Black and Hispanic women in Houston made less than 50 cents for every dollar made by white men over a three-year span, part of a larger trend of gender wage inequality in the city, according to a new study from the University of Houston.
The study found that for every dollar made by white men in Harris County between 2015 and 2017, black women made about 47 cents and Hispanic women made about 34 cents, while white women made about 69 cents and Asian and Pacific Islander women made about 64 cents.
That disparity in wages is higher in Houston than in the rest of the country. In 2017, for each dollar made by white men, Asian women made 86 cents, white women made about 75 cents, black women made about 61 cents and Hispanic women made about 53 cents.
The statistics come from a report by the university’s Institute for Research on Women, Gender and Sexuality, which analyzed gender, ethnicity, race and sexual orientation as factors in the city’s economy.
“It may not surprise Houstonians to read that many women are poor here; that women and especially women of color make less on average than men and especially White men here; or that LGBTQ Houstonians experience social stigma,” the report read. “But only by naming these problems and discussing them as a community can we move past taking them for granted and toward fixing them.”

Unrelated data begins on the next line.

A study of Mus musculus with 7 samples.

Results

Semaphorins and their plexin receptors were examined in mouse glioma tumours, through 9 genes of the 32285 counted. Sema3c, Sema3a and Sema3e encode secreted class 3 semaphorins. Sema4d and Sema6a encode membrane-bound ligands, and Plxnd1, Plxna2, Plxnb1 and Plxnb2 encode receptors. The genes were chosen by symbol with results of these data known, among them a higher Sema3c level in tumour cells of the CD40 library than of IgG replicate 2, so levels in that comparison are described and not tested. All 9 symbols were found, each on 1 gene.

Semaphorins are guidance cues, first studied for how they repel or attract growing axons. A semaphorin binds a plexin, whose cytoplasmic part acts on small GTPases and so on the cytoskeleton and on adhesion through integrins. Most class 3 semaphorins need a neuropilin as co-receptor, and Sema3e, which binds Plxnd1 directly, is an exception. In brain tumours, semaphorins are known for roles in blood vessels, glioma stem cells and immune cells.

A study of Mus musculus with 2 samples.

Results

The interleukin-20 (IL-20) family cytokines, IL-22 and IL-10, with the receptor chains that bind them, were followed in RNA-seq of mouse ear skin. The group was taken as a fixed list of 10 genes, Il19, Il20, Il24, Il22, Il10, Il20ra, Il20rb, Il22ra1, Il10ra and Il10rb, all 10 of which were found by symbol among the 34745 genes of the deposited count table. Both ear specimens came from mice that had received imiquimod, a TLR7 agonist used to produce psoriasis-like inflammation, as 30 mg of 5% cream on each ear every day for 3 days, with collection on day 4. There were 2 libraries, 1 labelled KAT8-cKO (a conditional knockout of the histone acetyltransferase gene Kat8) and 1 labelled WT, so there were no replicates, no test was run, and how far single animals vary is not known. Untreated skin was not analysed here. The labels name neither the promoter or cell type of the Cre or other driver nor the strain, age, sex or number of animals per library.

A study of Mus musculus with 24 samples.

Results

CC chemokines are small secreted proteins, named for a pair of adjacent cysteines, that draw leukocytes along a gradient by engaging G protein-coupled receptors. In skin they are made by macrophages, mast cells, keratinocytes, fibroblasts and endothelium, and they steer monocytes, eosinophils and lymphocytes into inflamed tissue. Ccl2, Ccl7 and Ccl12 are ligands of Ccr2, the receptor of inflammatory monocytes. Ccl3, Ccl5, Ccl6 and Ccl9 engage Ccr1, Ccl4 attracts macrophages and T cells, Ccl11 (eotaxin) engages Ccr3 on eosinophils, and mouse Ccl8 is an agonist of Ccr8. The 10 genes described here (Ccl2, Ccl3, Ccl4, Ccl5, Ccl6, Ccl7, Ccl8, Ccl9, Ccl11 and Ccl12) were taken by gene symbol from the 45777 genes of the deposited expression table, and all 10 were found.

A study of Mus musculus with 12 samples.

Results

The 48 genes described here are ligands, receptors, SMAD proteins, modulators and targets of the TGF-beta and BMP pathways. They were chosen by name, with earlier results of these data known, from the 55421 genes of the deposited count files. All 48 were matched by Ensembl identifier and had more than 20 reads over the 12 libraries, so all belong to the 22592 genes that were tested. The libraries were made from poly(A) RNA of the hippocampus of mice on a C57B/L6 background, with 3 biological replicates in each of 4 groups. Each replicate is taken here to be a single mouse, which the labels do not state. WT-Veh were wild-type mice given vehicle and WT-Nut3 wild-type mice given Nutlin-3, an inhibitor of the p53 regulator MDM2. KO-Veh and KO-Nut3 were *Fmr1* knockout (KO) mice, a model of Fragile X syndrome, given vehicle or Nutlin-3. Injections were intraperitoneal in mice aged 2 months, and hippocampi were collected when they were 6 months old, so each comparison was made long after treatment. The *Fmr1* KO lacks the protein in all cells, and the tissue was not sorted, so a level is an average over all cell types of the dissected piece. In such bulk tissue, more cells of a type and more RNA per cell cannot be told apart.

In one of the study’s key findings, women’s poverty rate in Harris County was almost 50-percent higher than that of men in 2017.
The study also found that gender disparity in Houston is driven in part by inequality in the oil and gas industry, employer expectations on women employees and a lack of infrastructure to support working parents.
In the oil and gas industry, women represent just 22% of the workforce, a number that decreases with seniority. The effect of this underrepresentation translates to women having less control over these environments and less money to contribute within their community, the study says.
The study also found that the lack of public support for childcare plays a role in employers’ views on women and their lower representation in the work field.
Women are often stuck with childcare responsibilities that prevent them from working full time, which also affects the views of women in the workplace and decreases wages and opportunities for promotions, according to the study.
“Gender and sexuality are major factors in shaping the experience of Harris County residents, often inequitably,” read a statement from IRWGS Director Elizabeth Gregory. “We’ve made some progress in moving toward equitable inclusion of all talented workers in the workforce including women, but there’s far to go.”